The BBC’s marketing director recently returned from a vacation in Ireland, where her daughter lives (and works in a pub) on the scenic Sheep’s Head Peninsula in West Cork. She learned there’s more than beer to write about in the Emerald Isle.
By Carol Dumas
AHAKISTA, West Cork, Ireland — (September 2018) British Beer Company prides itself on bringing the British pub experience to New England and it’s always fun to visit a pub in the U.K.
My eldest daughter and family have lived in the West Cork area of Ireland, southwest of Cork, for nearly three years. The Sheep’s Head peninsula is a beautiful, tranquil area of small villages, green fields, sheep and cows, bordering the ocean, plus a popular walking path with spectacular mountains and sea views. I love visiting as often as possible. Liz and her husband Simon have introduced me to many fine Irish beers (yes, there is more than the famous Guinness), but on a recent trip I learned this area is becoming famous for its gin! Who knew!
Well, BBC Operations Manager Shane Egan, an Irishman himself, did.
“Gin is massive in the UK!” he told me. “And we have a gin menu.” More on that later.
My daughter works at Arundels By the Pier, a small year-round pub right on Dunmarrus Bay, which eventually spills out into the Atlantic Ocean. Her Dublin-born husband told me there were many local gins being made in Ireland, particularly in this southwest area. Our lodging for the week was a five-minute stroll from Arundels, so it was easy to have a gin and tonic every night and try a different gin. Research, afterall! This tiny pub offered at least six different kinds of gin made in Ireland.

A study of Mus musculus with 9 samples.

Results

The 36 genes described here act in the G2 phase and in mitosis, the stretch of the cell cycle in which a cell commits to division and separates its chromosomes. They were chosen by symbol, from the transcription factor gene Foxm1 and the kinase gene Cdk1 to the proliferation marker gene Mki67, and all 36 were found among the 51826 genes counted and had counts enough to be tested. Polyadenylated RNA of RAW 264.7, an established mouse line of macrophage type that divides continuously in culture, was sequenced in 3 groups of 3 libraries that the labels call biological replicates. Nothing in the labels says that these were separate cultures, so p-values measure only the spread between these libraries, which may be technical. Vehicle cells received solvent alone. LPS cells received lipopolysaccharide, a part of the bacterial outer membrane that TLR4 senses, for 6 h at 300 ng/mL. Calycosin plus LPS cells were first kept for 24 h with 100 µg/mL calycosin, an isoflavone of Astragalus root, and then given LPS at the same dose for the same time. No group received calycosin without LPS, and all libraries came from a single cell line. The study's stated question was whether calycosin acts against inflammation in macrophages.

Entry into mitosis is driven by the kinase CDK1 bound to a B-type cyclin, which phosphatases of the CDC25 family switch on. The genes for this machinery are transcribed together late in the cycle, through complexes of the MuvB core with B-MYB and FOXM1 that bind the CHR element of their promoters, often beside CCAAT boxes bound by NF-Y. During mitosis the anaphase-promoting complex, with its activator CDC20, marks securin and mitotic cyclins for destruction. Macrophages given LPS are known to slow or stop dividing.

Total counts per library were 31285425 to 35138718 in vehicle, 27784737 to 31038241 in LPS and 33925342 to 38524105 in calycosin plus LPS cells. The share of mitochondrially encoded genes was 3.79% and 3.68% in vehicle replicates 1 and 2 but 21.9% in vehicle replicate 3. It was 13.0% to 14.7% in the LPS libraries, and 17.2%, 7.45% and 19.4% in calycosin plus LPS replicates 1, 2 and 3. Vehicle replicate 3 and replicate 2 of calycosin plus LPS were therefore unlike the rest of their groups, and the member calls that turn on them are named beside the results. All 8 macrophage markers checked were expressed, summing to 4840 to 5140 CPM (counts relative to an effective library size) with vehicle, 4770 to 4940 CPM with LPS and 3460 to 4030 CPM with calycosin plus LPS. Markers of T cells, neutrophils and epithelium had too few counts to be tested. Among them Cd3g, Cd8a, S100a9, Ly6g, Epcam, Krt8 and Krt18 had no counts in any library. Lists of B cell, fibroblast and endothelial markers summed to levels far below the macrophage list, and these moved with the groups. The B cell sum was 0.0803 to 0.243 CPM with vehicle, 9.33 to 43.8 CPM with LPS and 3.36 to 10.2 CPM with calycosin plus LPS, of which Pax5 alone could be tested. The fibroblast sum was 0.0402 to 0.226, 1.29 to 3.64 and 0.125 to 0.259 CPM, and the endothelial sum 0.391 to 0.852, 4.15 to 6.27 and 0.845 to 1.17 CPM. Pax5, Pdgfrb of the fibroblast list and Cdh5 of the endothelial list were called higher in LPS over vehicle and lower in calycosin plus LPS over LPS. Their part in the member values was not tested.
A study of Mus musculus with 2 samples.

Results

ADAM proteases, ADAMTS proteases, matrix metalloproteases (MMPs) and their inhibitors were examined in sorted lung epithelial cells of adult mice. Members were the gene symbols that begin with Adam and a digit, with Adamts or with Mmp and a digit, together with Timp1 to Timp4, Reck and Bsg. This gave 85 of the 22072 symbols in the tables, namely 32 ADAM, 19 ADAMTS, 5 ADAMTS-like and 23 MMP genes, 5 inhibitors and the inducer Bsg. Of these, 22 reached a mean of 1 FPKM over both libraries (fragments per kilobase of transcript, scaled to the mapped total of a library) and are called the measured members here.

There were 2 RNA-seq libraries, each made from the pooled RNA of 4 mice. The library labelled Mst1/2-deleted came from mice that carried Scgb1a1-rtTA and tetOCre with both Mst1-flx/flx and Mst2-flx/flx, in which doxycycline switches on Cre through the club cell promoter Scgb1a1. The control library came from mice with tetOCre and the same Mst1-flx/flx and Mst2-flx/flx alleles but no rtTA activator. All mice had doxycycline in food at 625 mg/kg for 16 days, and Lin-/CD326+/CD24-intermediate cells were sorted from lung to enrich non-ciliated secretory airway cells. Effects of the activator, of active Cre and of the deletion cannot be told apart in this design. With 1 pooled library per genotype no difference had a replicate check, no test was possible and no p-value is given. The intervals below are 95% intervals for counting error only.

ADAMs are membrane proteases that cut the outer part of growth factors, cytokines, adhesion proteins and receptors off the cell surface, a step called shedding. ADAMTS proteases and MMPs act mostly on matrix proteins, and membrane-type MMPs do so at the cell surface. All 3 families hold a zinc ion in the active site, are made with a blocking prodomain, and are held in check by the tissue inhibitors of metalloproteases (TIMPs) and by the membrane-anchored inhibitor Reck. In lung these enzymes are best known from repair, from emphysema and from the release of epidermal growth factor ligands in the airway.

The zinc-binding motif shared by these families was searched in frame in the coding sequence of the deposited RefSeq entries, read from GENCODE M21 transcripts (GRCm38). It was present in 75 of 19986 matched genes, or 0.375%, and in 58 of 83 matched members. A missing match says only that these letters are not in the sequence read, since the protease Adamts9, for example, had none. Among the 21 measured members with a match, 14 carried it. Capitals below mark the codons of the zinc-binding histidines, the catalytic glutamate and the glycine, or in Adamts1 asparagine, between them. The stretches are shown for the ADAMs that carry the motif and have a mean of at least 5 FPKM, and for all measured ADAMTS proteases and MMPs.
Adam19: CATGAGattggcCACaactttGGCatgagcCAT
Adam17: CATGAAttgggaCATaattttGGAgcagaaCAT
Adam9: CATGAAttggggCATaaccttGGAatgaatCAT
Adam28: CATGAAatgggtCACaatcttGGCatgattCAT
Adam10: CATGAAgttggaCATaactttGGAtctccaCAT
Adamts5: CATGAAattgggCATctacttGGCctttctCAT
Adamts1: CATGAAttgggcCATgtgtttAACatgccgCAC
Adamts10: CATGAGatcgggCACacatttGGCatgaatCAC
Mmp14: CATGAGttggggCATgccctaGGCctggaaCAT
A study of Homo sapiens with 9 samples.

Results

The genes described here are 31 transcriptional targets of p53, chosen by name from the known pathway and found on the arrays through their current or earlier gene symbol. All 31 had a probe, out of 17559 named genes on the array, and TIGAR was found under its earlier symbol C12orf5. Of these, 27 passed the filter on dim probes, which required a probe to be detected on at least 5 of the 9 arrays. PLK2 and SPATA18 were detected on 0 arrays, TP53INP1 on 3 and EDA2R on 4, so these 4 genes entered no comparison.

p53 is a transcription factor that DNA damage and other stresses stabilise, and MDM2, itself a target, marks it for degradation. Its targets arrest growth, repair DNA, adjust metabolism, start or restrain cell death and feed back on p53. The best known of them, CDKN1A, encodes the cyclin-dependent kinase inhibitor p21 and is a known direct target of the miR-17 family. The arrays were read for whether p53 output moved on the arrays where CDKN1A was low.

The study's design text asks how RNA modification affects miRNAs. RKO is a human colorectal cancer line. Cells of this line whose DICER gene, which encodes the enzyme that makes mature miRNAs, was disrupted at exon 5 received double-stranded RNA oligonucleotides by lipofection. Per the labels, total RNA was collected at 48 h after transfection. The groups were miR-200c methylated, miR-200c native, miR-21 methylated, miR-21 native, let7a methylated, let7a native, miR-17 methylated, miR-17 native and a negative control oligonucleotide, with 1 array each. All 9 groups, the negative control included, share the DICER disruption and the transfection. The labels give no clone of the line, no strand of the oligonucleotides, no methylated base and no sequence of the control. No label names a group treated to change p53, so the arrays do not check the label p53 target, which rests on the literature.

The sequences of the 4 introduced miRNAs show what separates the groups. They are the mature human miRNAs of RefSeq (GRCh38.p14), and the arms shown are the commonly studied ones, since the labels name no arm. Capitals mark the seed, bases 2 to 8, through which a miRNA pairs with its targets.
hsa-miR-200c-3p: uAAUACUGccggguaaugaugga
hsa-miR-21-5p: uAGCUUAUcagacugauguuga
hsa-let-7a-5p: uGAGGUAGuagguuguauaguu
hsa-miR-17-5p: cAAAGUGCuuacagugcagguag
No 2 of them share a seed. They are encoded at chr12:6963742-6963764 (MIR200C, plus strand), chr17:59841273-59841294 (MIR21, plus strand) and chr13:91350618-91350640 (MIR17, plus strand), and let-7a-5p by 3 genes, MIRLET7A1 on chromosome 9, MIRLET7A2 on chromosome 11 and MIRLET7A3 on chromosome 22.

The local gins incorporate unexpected ingredients, such as the sea water and seaweed in Beara Ocean Gin. The slightly taste was a nice balance to the sweetness of the tonic water.
Glendalough Sloe Gin was pink! It contained “ingredients foraged in the Wicklow Mountains.” Dingle Original Gin is made in small batches; the name refers to another ocean peninsula in southwest Ireland. Flavor-wise it’s dry, like the more well-known London dry gin. The Dingle distillers use unusual, locally-sourced botanicals: rowan berry from the mountain ash trees, fuchsia, bog myrtle, hawthorn and heather “for a taste of the Kerry lands.” It’s an experience.
It was nice and refreshing to sip a G&T overlooking the sea in the unseasonably yet welcome warm late summer in Ireland.
Back to the British Beer Company.
While the Irish gins above are not available, we do offer some British ones. Ask about our Gin Cocktails to try something a little different than Beefeaters, Bombay or Gordon’s! Cheers!